Surface: Singletrack
Configuration: Network
Elevation: -
Total: 5 riders

Mountain Biking Los Alamos County Trails

#1,407 in the world

I recommend using google earth and a cell phone or a map. The trailes branch to make different loops

with single track and some primitive roads some built almost a thousand years ago and some built to

protect the manhattan project. From easy to expert in small doses all in the town of Los Alamos in the

canyons in town.

First added by bogbike on Apr 17, 2011. Last updated Apr 28, 2020. → add an update
Before you go
  • Drinking water: unknown
  • Lift service: unknown
  • Night riding: unknown
  • Pump track: unknown
  • Restrooms: unknown
  • Fat bike grooming: unknown
  • E-bikes allowed: unknown
  • Fee required: unknown
This trail information is user-generated. Help improve this information by suggesting a correction.
Getting there
from Santa Fe head north on 84/285 turn in pajaque to Los Alamos at the Los Alamos highway and


drive to Los Alamos, NM. Travel through down town Los Alamos on Central Ave. At the bottom of a hill

the speed limit changes from 25 mph to 35 mph. A large blue building will be the most promimet


landmark. Pull into the parking lot on the right of the blue building, it is a swimming pool. The trailes all

start near the doors of the pool.
System trails (5)


Dusty (on May 13, 2020)

| 14 mi
| 14 mi
Intermediate | 5 mi
Advanced | 5 mi

Rider questions

    Reviewing Quazemon:

    Snowy and muddy but over all pretty good.

    Reviewing Guaje Ridge:

    Just to let anybody know who wants to ride this trail in late summer/early fall, the trail is completely overgrown and there are many many many thorn bushes for almost the entire extend of the trail. I rode it yesterday and it was brutal, strongly advise to not ride this trail during this time of year, you will not enjoy it!

    Reviewing Perimeter Trail:

    This is not the most interesting trail in the Los Alamos system, but it is nice in that is remains shaded and serves as a great way to complete a singletrack loop with other trails in the area. It's also great for a quick spin if you haven't got time for a bigger ride.

    Reviewing Cabra Loop:

    What a fun loop! The 1.5 miles of downhill is consistently entertaining with exposure, rocks, switchbacks, big views, and places where you can really open it up and play chicken with the remaining pines. The downhill leg of the counterclockwise loop also makes a fantastic finish to the Guaje Ridge downhill to wrap up an epic Los Alamos tour!

    Reviewing Guaje Ridge:

    This is the crown jewel of the Los Alamos trail system. Remote, rugged, hard to access, dry and challenging from end to end, this one provides a near-epic sense of adventure. I rode it on my 26" hardtail, but would have had less pain on big wheels and/or a fully. There's a lot of descending in a short amount of time, some of it on loose surface, some of it on high-speed hardpack, and some on fairly wicked and fun rock drops and rollers. It's a lot of unpleasant work to get to this trail, but it is totally worth every drop of sweat.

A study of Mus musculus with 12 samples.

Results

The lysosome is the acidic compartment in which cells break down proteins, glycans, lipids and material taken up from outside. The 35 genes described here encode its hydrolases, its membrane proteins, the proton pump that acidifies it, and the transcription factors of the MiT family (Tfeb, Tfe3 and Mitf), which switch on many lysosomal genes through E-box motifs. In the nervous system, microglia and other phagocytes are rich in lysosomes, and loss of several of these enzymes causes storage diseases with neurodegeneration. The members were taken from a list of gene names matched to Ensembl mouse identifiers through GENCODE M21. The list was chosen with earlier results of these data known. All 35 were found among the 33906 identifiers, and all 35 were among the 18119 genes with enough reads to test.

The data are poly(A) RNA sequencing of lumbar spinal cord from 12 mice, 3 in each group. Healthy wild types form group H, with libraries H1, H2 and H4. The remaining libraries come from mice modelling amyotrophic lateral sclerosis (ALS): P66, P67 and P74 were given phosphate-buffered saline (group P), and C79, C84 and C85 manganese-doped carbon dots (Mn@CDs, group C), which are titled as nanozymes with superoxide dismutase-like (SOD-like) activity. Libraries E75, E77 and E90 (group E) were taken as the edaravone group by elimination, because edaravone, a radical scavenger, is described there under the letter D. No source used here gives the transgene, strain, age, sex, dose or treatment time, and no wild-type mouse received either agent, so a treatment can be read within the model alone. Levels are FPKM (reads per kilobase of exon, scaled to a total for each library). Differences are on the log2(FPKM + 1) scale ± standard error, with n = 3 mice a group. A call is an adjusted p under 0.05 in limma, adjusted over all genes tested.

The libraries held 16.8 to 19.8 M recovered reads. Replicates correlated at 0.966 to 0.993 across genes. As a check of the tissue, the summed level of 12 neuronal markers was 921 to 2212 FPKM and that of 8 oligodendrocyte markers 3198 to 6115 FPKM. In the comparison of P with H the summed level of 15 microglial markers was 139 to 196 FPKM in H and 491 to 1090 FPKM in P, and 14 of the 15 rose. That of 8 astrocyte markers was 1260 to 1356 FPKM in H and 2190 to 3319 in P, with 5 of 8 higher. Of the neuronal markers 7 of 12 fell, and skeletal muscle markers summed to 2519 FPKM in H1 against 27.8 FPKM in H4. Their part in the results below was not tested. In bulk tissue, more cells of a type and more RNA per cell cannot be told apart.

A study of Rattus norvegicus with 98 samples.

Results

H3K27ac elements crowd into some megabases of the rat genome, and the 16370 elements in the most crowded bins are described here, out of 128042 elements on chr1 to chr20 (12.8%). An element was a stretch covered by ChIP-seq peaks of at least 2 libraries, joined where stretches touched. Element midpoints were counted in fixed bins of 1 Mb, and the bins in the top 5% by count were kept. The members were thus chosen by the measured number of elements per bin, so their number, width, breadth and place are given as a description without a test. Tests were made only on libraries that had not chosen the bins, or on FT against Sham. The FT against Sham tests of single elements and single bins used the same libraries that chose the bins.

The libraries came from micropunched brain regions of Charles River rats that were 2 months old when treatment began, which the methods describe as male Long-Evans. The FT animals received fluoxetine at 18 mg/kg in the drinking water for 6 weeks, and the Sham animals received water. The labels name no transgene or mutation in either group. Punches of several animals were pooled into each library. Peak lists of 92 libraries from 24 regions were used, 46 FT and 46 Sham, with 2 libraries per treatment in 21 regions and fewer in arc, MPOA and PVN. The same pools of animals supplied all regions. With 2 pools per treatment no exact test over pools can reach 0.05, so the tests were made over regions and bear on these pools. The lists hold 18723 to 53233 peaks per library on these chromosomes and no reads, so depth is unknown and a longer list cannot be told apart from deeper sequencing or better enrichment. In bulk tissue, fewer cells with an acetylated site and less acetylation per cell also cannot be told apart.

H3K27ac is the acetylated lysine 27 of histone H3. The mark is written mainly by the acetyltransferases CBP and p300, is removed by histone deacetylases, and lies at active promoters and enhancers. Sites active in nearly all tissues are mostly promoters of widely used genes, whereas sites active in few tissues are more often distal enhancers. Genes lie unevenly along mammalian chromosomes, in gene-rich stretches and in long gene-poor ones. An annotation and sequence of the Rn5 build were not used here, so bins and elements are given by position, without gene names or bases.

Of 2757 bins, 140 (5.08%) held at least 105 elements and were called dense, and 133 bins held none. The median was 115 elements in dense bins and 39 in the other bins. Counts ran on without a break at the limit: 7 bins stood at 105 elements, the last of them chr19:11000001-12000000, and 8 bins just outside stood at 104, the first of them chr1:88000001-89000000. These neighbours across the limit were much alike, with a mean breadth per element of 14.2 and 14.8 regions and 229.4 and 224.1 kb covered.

Reviewing Pipeline Road:

    This is one ugly fire road. You can take "fire road" literally, as this area was destroyed by the great Los Alamos fire. What that means on the road surface is a lot of erosion and loose sand and gravel that will suck the life out of your legs. Some of the pitches, especially toward the top as you approach Guaje Ridge, are vicious. None but the fittest will ride the whole thing nonstop.

    Reviewing Quazemon:

    4 stars for mostly doubletrack? In this case, sure. The fire scar has turned this old doubletrack into mostly exposed bedrock, full of fractures, ledges, and rollers, giving much of it an almost Moab/Porcupine Rim kind of feel. The climb is stiff and relentless, but not so much as you need a third lung to pull it off, and most of it is pretty entertaining, helping keep your mind off the pain. This makes the best climbing leg in the Los Alamos system and provides a great way to access the most excellent Guaje Ridge. But it's also a blast to scream down as an out-and-back or after climbing the lower portion of Pipeline Road.


    This is a nicely varied network of trails that can be ridden from a number of trailheads around town. You can make is as long or short, as hard or easy as you like. As you get further from town, there will be more and more fire damage. A good route for seeing most of what the area has to offer starts by starting at the Quazemon trailhead, up Quazemon to Pipeline Road to Guaje Ridge, down Cabra Loop to Perimeter Trail and back to the Quazemon Trailhead. About 16 miles and 2600 ft of climbing.